Dubey and 'Dow front' Cherokee lambasted in Bhopal

In Roshanpura Square, New Market today, Bhopal groups exposed the behind-closed-doors collusion between PS Dubey and the giant US equity fund Cherokee Investment Partners and made clear their determination to smash plans for a cosmetic clean-up of the Union Carbide factory that would also enable Dow to escape its liability. The Bhopalis held banners that highlighted a chain of influence starting with Dubey and stretching back to Carbide itself, via Dow and Cherokee.
PS Dubey was confronted in the US last week by the ICJB when he appeared alongside executive officers of the redevelopment company Cherokee for a public talk about remediation plans for the Carbide plant. An official of the Madhya Pradesh Pollution Control Board (MPPCB) confirmed that Dubey appeared in an unofficial capacity, citing ‘personal reasons’ for his trip to the US. During his tenure as MPPCB chairman, Dubey has been found – amongst other questionable practises – to have allowed environmentally polluting companies to resume production under highly dubious circumstances. It must be remembered that Dubey’s predecessor, VK Jain, served jail time after being caught with assets around $4 million in excess of his known income. Last year, Dubey presided over initial ‘clean-up’ activities that hospitalised over 100 local residents.
Though recent press suggests that State officials have already paved the way for Cherokee’s involvement in remediation plans for the Carbide site, the protest also underlines the ICJB’s determination to prevent Cherokee Investment Partners and its affiliates from having any future role whatsoever.
Statements by CEO Tom Darden, that pitch the potential cost of a clean-up low even before an adequate assessment of contamination has been made, suggest that Cherokee will also underplay the extent of contamination in Bhopal. Further evidence from its activities in the US reveal that Cherokee will win contracts over environmentally preferable schemes in districts where it greases enough palms. Once a contract is won, Cherokee will meet the most minimal local standards of remediation, and is today leveraging its considerable force in the US House of Representatives to insure itself against further liability for remediation in the event that the job was not done satisfactorily. Even in the most legislatively developed countries, Cherokee finds it easy to traduce environmental standards.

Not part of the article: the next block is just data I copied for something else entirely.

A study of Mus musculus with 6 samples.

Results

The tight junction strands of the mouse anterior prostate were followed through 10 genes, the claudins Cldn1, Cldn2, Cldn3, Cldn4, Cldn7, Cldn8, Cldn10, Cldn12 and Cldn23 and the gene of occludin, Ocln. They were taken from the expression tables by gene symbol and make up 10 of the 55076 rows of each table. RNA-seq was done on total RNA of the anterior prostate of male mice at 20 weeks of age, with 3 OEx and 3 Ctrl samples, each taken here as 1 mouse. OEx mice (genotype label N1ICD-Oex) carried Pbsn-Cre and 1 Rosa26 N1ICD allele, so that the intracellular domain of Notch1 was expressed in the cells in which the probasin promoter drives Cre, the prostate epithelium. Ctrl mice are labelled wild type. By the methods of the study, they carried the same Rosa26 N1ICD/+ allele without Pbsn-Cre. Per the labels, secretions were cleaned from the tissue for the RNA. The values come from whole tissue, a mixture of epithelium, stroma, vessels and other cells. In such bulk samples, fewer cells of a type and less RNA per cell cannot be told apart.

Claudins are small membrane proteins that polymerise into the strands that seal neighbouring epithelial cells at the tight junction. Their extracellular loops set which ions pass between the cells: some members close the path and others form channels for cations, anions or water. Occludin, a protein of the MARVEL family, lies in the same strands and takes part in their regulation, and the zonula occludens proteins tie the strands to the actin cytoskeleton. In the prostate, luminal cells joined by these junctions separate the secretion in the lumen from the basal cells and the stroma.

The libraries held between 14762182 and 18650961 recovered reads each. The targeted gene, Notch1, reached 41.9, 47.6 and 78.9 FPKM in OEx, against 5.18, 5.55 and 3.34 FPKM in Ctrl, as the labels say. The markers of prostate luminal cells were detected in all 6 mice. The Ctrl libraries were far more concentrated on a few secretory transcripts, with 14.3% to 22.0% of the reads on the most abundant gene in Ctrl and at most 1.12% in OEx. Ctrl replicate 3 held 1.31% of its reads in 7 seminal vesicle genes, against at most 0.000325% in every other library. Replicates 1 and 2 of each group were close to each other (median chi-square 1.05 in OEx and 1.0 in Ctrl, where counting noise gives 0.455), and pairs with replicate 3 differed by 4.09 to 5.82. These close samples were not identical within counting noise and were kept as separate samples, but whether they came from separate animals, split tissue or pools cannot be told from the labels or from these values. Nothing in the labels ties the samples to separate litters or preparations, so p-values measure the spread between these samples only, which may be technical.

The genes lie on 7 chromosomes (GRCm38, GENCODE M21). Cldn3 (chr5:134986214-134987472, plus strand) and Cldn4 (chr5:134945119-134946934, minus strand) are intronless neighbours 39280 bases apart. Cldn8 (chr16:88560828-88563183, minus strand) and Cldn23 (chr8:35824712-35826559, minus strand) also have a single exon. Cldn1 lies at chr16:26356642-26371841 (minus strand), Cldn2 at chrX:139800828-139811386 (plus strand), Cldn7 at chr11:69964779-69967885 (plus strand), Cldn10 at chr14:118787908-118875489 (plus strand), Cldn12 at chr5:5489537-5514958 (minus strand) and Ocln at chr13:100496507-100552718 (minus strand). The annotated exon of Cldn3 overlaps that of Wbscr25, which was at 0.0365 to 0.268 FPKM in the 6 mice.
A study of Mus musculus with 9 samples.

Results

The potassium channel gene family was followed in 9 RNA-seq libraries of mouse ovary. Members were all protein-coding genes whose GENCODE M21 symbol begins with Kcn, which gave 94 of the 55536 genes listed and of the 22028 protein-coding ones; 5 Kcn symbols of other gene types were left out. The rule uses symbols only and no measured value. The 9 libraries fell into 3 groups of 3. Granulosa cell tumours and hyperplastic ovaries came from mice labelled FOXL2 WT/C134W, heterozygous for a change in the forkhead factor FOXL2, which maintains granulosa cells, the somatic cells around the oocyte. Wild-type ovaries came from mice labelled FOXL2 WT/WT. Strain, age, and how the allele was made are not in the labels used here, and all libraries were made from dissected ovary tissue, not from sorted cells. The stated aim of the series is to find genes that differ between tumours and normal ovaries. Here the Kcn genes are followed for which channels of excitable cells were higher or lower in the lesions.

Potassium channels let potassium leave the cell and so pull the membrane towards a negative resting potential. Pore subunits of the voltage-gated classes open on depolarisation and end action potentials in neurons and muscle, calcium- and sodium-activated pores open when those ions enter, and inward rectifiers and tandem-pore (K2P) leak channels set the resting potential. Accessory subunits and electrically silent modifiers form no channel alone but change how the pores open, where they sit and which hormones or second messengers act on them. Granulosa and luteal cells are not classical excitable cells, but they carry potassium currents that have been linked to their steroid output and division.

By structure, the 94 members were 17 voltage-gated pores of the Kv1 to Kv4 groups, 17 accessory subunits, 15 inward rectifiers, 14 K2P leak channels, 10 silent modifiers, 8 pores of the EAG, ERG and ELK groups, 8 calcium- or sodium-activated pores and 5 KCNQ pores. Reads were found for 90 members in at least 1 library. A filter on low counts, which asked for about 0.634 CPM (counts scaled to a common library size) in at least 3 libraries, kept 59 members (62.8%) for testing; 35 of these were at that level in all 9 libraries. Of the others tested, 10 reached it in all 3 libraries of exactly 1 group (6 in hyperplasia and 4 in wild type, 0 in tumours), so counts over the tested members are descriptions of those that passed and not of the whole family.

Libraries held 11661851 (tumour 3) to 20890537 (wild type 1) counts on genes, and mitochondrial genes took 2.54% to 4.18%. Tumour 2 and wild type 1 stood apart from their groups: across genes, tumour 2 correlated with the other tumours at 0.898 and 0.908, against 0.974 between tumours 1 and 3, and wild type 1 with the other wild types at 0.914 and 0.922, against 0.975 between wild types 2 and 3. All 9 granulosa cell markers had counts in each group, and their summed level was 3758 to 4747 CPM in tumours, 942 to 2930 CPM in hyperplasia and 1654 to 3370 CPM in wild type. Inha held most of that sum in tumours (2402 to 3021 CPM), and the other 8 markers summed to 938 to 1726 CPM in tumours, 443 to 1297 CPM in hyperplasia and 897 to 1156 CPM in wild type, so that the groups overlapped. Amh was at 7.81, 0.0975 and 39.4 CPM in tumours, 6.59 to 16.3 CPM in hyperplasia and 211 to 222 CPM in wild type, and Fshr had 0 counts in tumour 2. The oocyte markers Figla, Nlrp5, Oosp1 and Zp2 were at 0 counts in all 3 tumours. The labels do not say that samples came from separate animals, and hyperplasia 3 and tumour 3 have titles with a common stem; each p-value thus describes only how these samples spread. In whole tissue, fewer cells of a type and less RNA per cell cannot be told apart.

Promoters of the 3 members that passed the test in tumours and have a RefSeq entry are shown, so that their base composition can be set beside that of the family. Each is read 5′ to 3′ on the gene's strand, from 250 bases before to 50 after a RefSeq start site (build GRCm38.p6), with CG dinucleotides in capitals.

In India, corruptible politicians, poor and easily breached environmental standards and the impossibility of pursuing Cherokee for an inadequate remediation makes for easy pickings for this ‘vulture capitalist’. And, under the angelic cover of philanthropy, Cherokee’s dash for Bhopal could look like it was dreamt up in a Dow strategy meeting.
Which it quite probably was.
Information has reached Bhopal that, concurrent with negotiations with Dubey and other Indian officials, Cherokee has also kept several notable special interest parties well in the picture: Citibank, Tata and, yes, The Dow Chemical Company.
All three business and financial behemoths are intimately involved in the US-India CEO Forum, a phalanx of powerful facilitators recently involved in private discussions with Prime Minster Manmohan Singh concerning reform of state legislature to further enable liberalisation of the Indian economy. Proposals put forward by the US-India CEO Forum apply a pointed pressure on Indian officials: “Specific focus on resolving legacy issues such as those impacting Dow/ Bhopal tragedy of 1984 and the Tamil Nadu IPPs would send a strong positive signal to US investors.”
Within weeks of these proposals, officials in the US govt were dutifully repeating the party line: ‘At the same time, Bhatia said USTR was aware that many American companies have liability and insurance concerns about doing business in India after the 1984 gas leak at a Union Carbide plant in Bhopal, which killed an estimated 3,800 people and disabled thousands more.
“We’ve raised those concerns with the Indians. I’m hoping that they will be addressed to the satisfaction of our companies …,” he said. “At the end of the day, India has worked very hard for this deal and … I would assume is not going to want their own domestic corporate laws to stand in the way of them actually benefiting meaningfully.”

Cherokee, then, represents a ‘specific focus’ to the satisfaction of both Dow, the wider US corporate community and those Indian officials interested in a payday and/or deeper economic ties with their masters in the US. Today, Bhopal declared the game to be up.
Protest banners were later also raised at an exhibition organized by an environmental protection organisation at which the Madhya Pradesh Chief Minister was giving a speech on the environment. The protestors later presented the Chief Minister with a memorandum containing five demands:
1. Supply contamination-affected communities with clean water immediately.
2. Give assistance in the assessment of the depth and spread of the contamination.
3. Provide assistance in remediation and clean up programmes.
4. Reject Cherokee’s proposal and keep them away from any participation in assessment/clean up.
5. Sack the chairman of the Madhya Pradesh Pollution Control Board, PS Dubey.